I like brands with ugly websites. I prefer labels whose online presence is old school and far from the sleek norm of 21st century web design agencies. Its not easy to say this, especially when my day job is editing an online magazine in my line of business its all about having the latest technology and the freshest design features. Not only that, but we live in a cyber-driven society where such statements are, on a good day, frowned upon and laughed at on a bad one. But here goes. I like unattractive brand websites. There, Ive said it again. But theres an important distinction to make straight away: I dont approve of complicated, clumsily designed websites, or the ones I need to download a specific programme to even enter the site. I cant stand those the Internet is supposed to be democratic. No, Im talking about websites that are uncomfortable with modernity, the ones that clearly havent been designed by a bespectacled 19 year-old whiz kid, the ones that are behind on style but not substance. For me, those brands are a bit like the kid in school who dared to wear a bolo or skinny jeans when everyone else wore flares anything that stood out, really - because he or she was so secure in their style that it didnt matter that all the other kids wore whatever was trendy that week.
These brands and their subsequent websites have their own style, and no cyber fad, vain web designer or gif bonanza will change that. In order to resist the temptation to constantly change and update, you need to be old and wise enough to know that none of that will change the quality of your product. As a consequence, many of the sites Im thinking of are mid-sized heritage brands with enough faith in their products to let them, and not the Internet, do the talking. Having basked in the sunshine for a while, the term heritage is slowly resuming its previous place in the nerd corner. But maybe thats a good thing if nothing else itll keep it purer for longer. Because these brands with their longevity, strength and customer base actually have a history to talk about- but more than anything- they have a soul. And their website design is part of that.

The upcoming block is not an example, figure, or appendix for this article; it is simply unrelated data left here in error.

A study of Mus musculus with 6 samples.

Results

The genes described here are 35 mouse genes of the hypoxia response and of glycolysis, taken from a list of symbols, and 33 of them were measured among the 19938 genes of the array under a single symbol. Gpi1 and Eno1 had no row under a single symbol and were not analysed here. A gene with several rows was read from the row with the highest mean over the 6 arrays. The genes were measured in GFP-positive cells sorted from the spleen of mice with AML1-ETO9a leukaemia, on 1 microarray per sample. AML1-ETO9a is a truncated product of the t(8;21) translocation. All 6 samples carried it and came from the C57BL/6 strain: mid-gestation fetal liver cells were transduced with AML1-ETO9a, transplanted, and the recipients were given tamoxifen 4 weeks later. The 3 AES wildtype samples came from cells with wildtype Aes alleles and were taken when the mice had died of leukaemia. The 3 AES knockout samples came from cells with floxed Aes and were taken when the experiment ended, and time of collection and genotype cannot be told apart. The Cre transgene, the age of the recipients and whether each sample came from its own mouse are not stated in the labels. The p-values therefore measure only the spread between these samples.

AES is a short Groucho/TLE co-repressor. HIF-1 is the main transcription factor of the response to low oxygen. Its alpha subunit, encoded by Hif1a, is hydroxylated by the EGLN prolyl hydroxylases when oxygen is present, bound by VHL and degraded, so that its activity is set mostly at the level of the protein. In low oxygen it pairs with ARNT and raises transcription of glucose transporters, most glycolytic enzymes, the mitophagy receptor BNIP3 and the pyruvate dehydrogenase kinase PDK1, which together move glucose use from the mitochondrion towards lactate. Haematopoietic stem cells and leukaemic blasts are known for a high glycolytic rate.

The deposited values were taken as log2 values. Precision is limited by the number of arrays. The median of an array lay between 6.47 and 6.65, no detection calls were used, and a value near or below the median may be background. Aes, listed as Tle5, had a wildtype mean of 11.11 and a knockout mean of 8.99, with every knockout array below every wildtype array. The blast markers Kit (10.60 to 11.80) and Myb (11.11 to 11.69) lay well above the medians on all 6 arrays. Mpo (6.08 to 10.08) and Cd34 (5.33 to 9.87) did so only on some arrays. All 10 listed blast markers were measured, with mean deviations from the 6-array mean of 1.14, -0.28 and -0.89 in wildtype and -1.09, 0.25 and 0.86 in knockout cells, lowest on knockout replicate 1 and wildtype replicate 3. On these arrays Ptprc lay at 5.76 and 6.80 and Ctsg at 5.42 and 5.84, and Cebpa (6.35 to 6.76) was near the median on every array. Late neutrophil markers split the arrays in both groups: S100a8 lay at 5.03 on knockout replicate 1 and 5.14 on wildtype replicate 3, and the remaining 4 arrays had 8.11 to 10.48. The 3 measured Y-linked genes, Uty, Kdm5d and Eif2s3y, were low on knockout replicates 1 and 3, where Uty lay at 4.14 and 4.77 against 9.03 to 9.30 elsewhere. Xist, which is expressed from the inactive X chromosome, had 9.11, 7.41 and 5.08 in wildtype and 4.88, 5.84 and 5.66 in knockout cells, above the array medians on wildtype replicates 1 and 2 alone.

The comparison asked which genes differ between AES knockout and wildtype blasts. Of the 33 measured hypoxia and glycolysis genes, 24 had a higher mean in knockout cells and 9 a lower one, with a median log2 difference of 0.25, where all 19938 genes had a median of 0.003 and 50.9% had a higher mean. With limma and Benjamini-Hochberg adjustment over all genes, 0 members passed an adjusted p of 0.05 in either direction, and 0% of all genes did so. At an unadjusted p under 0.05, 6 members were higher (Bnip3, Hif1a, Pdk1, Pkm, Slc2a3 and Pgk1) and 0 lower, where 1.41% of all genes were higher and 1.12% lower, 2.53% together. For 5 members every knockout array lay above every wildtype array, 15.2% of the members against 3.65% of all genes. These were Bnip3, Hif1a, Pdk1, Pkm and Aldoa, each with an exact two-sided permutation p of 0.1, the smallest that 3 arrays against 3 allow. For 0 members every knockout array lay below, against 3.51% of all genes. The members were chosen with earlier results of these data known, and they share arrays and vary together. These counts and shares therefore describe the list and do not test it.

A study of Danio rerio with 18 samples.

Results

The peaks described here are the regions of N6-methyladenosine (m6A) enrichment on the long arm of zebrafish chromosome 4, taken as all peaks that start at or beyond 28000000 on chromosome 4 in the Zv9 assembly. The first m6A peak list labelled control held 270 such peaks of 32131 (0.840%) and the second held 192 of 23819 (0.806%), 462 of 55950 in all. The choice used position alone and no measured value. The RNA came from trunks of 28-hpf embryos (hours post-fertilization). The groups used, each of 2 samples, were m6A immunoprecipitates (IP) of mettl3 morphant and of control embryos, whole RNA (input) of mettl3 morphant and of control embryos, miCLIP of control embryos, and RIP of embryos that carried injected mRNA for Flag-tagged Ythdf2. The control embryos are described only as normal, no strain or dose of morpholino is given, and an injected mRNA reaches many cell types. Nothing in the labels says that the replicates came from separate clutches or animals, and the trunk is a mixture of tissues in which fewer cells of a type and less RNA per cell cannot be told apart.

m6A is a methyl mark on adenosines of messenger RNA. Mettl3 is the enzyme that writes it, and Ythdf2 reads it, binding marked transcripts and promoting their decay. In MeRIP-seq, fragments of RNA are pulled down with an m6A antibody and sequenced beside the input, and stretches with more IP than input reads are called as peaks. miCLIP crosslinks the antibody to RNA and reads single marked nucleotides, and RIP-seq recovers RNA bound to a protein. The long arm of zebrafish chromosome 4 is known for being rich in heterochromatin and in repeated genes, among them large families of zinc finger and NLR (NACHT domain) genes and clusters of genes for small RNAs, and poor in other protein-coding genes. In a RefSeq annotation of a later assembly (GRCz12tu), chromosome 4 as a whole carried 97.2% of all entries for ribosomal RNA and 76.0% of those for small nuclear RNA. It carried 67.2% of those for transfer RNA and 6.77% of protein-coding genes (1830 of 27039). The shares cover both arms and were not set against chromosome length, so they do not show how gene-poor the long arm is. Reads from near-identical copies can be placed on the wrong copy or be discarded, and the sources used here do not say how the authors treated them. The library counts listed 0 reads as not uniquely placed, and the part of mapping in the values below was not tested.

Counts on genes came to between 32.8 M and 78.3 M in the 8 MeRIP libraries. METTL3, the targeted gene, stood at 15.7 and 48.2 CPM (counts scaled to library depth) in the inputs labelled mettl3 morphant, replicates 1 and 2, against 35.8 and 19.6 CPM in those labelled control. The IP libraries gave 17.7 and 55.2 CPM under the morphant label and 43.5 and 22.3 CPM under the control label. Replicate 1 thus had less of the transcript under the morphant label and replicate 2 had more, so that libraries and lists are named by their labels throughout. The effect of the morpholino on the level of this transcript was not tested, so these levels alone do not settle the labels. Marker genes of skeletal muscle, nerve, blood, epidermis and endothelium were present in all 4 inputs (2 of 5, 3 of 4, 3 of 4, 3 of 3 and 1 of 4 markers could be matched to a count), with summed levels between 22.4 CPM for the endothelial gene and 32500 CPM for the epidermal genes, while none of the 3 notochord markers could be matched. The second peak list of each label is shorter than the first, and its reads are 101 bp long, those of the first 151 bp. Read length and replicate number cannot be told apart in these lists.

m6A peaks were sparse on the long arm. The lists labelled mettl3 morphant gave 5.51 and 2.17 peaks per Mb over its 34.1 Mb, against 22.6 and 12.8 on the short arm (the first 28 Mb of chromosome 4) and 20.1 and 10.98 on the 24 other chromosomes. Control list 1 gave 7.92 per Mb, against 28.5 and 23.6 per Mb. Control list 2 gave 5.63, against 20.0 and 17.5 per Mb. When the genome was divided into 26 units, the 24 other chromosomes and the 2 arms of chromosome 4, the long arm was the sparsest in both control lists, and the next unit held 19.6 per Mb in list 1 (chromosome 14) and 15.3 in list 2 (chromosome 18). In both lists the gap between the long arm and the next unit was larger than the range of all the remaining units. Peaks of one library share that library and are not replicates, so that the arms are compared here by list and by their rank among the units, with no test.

Look at, for example, Lewis Leathers - an amazing leather jacket manufacturer in Great Britain. Founded in 1892, the brand has a the historic traditions to back up its products, but have chosen a red quilted lining as background for their site; awful and wonderful at the same time. Another Brit label, Drakes, known for gorgeous ties and scarves (while also dabbling in cobbling and cashmere) have gone for a clunky product display and rather terrible neckwear illustrations. American examples of this phenomenon include Paradise Found, purveyors of authentic Hawaii shirts, who in the midst of their passion for what they make have completely forgot about presentation. Its refreshing and loveable. Gullible, some would say. But I appreciate the lack of shallow trimming; the Paradise Found site is dedicated to quality products and the amazing heritage of the Aloha shirt. The same goes for Dehens website selling heavy knit wool jackets and cardigans made in their Portland, Oregon-factory. The family-run business was started in 1920. The website looks like it was launched the same year. Ancient. But I wouldnt have it any other way. Heres to product superiority over cyber domination.
David Hellqvist is the Online Editor at Port Magazine and a menswear writer. His book about the London SS13 menswear shows was release in November 2012.